Disclosing vulnerabilities improves security for everyone


The survey from application security testing specialist Veracode finds more than a third of companies received an unsolicited vulnerability disclosure report in the past 12 months, representing an opportunity to work together with the reporting party to fix the vulnerability and then disclose it, improving overall security.

The study also shows security researchers are generally reasonable and motivated by a desire to improve security for the greater good rather than by financial gain. 57 percent of researchers expect to be told when a vulnerability is fixed, 47 percent expect regular updates on the correction, and 37 percent expect to validate the fix. Only 18 percent of respondents expect to be paid and just 16 percent expect recognition for their finding.

Three out of four companies report having an established method for receiving a report from a security researcher and 71 percent of developers feel that security researchers should be able to do unsolicited testing. This may seem counter intuitive since developers would be most impacted in having their workflow interrupted to make an emergency fix, yet the data shows developers view coordinated disclosure as part of their secure development process. They expect to have their work tested outside the organization, and are ready to respond to problems that are identified.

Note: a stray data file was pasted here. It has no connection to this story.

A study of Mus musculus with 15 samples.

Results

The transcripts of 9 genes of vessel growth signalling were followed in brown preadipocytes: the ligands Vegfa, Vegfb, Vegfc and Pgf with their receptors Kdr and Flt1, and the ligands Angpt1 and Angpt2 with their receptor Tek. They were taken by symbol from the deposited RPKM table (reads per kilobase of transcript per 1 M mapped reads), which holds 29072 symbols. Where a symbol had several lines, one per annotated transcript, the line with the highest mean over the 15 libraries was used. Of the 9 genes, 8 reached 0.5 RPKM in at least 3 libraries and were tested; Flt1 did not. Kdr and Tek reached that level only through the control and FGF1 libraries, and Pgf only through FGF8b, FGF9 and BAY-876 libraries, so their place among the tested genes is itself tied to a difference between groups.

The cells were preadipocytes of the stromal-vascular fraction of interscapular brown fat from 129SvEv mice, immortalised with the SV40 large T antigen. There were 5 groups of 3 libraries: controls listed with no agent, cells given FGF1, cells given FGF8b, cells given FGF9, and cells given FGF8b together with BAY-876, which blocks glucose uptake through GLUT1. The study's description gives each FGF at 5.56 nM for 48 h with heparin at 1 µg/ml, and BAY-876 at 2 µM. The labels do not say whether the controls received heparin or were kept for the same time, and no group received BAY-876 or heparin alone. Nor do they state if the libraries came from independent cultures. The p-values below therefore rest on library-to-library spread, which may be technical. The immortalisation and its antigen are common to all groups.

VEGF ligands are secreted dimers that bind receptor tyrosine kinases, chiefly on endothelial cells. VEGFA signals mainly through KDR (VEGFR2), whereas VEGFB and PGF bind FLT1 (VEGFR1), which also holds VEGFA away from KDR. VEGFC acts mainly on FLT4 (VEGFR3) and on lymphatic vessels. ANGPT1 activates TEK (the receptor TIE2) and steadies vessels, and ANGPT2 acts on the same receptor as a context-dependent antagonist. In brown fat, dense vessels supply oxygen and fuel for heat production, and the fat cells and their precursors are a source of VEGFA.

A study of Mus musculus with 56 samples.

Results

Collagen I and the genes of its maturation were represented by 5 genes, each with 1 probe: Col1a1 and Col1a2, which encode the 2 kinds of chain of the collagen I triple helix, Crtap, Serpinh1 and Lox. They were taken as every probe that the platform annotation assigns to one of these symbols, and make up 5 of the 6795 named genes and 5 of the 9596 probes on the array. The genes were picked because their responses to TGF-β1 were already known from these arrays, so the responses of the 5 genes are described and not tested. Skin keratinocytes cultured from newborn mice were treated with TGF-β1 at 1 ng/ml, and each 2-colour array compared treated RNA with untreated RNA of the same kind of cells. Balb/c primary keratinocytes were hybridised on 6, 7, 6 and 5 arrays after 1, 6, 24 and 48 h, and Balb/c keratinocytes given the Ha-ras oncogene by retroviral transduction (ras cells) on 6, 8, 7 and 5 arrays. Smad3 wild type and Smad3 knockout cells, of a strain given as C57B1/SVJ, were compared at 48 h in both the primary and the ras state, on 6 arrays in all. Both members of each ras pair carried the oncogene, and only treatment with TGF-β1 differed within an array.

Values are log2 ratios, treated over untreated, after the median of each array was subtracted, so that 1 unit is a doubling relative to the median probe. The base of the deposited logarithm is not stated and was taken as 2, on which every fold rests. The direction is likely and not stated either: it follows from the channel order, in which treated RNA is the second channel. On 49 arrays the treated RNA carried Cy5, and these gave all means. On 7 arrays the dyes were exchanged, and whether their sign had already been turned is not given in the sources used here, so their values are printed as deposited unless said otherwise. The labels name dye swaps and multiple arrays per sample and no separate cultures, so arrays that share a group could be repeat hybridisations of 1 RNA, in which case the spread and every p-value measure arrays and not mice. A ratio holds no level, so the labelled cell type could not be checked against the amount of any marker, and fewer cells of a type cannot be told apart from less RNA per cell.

"The alignment that the study reveals is very positive," says Veracode's chief technology officer and co-founder Chris Wysopal. "The challenge, however, is that vulnerability disclosure policies are wildly inconsistent. If researchers are unsure how to proceed when they find a vulnerability it leaves organizations exposed to security threats giving criminals a chance to exploit these vulnerabilities. Today, we have both tools and processes to find and reduce bugs in software during the development process. But even with these tools, new vulnerabilities are found every day. A strong disclosure policy is a necessary part of an organization's security strategy and allows researchers to work with an organization to reduce its exposure. A good vulnerability disclosure policy will have established procedures to work with outside security researchers, set expectations on fix timelines and outcomes, and test for defects and fix software before it is shipped."

But while organizations are committed to finding and fixing flaws, the survey results show that security researchers can sometimes have unrealistic expectations. 65 percent of security researchers expect a fix in less than 60 days.

The study shows that while 47 percent of organizations have implemented bug bounty programs only 19 percent of vulnerability reports actually come via these.

You can read more about the results on the Veracode blog.